The Apple Watch is Here—But Should Travelers Buy In?
Given that the iPhone is likely the most ubiquitous travel accessory in the world, today’s announcement of the Apple Watch stands to be big news (even bigger news, perhaps than the annoucement of its new MacBook) for globetrotters. Here’s what you need to know about the hottest new tech toy:
Interchangeable faces and bands: Depending on where you go, and how you’re dressing (edgy in New York; romantic in Paris), the watch face and band are changeable. For followers of the smartwatch category, this shouldn’t come as a surprise—the Android Wear-powered Moto360 sports a similar advantage. How Apple is taking it one step further? Allowing you to add on key pieces of information to your watch face, showing you your next meeting or itinerary detail in-line with the time.
Detailed health info: Track the distance you’re traveling, and, crucially, the calories you’re burning, while romping around Rome. A helpful reference that will make you feel less guilty about eating yet another bowl of carbonara.
Travel-centric apps and ApplePay: Wherever ApplePay is supported, you can make transactions with a scan of the wrist (this feature is still limited abroad). Perhaps more useful are apps like Starwood’s SPG app, which sends you reminders of your room number or provides turn-by-turn directions back to your hotel (particularly useful in Asia, where street signs aren’t always easy to interpret). Passbook can provide up-to-the-minute flight details and boarding passes as you pull up to the airport. And Uber’s app makes it easy to hail a cab without digging your phone out of your tightly-packed carry-on.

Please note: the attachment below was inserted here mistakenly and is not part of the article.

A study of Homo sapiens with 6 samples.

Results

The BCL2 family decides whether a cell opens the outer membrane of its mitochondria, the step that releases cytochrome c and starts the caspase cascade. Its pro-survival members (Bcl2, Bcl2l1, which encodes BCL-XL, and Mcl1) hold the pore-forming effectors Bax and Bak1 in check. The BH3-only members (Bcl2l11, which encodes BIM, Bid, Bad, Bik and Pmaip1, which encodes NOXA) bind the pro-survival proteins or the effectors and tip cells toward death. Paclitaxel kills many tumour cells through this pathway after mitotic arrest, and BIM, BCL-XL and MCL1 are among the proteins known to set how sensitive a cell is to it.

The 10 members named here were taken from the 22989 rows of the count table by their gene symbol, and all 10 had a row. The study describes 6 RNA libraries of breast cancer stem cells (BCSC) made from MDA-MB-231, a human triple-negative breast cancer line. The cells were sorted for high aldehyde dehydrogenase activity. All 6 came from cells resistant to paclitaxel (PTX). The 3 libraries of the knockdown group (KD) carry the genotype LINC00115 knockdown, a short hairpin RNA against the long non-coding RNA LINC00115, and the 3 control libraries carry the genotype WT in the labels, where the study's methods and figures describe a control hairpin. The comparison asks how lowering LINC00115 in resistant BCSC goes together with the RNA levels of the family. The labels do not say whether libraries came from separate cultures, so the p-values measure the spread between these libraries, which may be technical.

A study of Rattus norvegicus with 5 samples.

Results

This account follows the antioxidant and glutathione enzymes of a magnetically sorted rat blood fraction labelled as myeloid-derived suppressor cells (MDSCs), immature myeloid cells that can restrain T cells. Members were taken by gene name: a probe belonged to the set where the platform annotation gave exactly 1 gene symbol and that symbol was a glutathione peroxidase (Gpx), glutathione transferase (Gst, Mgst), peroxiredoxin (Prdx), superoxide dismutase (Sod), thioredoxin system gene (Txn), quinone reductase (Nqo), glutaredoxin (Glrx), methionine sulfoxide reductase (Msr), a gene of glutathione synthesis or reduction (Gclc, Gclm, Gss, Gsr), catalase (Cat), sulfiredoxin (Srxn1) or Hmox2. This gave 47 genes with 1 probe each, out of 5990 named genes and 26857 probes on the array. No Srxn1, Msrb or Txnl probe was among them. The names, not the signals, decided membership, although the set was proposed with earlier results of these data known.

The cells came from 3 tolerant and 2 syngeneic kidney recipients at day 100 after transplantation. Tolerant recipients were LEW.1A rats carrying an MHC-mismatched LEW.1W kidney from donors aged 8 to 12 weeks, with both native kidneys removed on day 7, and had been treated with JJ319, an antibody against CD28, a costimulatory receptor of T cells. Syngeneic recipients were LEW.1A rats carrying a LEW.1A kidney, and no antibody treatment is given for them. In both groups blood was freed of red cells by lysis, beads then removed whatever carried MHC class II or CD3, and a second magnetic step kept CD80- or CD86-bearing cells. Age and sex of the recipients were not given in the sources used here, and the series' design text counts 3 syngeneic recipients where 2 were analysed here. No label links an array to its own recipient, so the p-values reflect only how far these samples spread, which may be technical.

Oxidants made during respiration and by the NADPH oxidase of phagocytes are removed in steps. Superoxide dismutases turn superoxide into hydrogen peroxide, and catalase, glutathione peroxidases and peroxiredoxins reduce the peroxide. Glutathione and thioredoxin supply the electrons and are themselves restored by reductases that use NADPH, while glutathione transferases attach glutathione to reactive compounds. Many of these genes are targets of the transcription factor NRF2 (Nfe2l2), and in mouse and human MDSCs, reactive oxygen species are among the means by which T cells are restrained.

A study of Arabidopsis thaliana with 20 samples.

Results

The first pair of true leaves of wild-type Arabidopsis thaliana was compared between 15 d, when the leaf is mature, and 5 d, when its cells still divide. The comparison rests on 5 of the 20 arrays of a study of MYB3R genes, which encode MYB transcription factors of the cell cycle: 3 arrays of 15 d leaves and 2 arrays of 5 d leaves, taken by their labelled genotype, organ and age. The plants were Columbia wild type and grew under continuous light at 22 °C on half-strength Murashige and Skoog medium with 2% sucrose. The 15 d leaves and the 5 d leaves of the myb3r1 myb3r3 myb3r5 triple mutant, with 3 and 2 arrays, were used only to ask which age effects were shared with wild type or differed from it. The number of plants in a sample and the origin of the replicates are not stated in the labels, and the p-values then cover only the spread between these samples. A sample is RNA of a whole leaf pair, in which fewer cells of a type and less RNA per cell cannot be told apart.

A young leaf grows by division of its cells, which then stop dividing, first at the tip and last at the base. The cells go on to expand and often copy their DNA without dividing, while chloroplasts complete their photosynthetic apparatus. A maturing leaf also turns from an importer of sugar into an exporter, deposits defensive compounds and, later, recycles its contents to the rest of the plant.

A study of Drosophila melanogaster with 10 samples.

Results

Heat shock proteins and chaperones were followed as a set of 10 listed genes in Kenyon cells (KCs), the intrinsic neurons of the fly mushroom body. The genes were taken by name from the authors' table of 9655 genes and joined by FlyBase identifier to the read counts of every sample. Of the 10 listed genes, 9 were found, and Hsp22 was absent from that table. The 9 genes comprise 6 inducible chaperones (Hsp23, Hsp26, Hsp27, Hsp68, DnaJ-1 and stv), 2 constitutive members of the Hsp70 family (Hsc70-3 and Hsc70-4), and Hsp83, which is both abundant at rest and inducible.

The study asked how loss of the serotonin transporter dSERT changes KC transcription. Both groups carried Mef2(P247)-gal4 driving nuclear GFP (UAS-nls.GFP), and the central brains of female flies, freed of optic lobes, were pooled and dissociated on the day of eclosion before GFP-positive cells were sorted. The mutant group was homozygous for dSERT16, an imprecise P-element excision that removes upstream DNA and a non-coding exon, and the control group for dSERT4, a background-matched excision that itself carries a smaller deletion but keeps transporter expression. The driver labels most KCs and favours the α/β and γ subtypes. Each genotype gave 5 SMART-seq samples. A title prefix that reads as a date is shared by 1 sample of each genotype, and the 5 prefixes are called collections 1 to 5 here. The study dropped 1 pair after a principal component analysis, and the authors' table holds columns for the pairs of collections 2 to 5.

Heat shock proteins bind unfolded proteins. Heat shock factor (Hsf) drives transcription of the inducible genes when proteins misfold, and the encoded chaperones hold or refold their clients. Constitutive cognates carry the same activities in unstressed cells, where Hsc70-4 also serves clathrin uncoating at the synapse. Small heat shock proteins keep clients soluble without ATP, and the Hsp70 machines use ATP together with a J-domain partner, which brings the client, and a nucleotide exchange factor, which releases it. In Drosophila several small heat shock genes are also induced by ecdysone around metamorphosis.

All-day battery life: 18 hours of battery life will last most people a full day on the road, and a small, magnetic charger is easy to stash in any pocket.
Beautiful craftsmanship (and a price to match): Unlike most other smartwatches, you won’t feel like a tech nerd wearing this timepiece. Apple considered every detail in sourcing and custom-creating the materials for each model (super-strong but lightweight aluminum for the Apple Watch Sport; cold-forged stainless steel in traditional and space-black finishes for the Apple Watch Collection; and 18-karat yellow and rose gold for the Apple Watch Edition). The prices reflect the materials: an entry-level Sport model will start at $349, with gold models starting at a cool $10,000.
The Stuff Worth Skipping: Any function that requires you to talk to my wrist is plain old awkward (sorry, Siri). And Apple Watch’s digital touch features are worth playing with once or twice—they allow you to transmit your heartbeat to a loved one from far away, or send along a custom doodle—but this feature may be more captivating for the emoji-obsessed.
A Categorical Caveat: Having tested out a few smartwatches already, T+L can attest to the fact that having emails or answering calls on your wrist is a double-edged sword. It’s nice see texts without pulling out your cell phone at the dinner table, but now we have yet another device to pull us from conversations—and it’s even harder to ignore.
Is it the “most advanced timepiece on the market,” as Tim Cook announced today? You have until April 10 to decide—when the devices will be ready for pre-order.
Nikki Ekstein is the Assistant Editor at Travel + Leisure. Follow her on Twitter @nikkiekstein.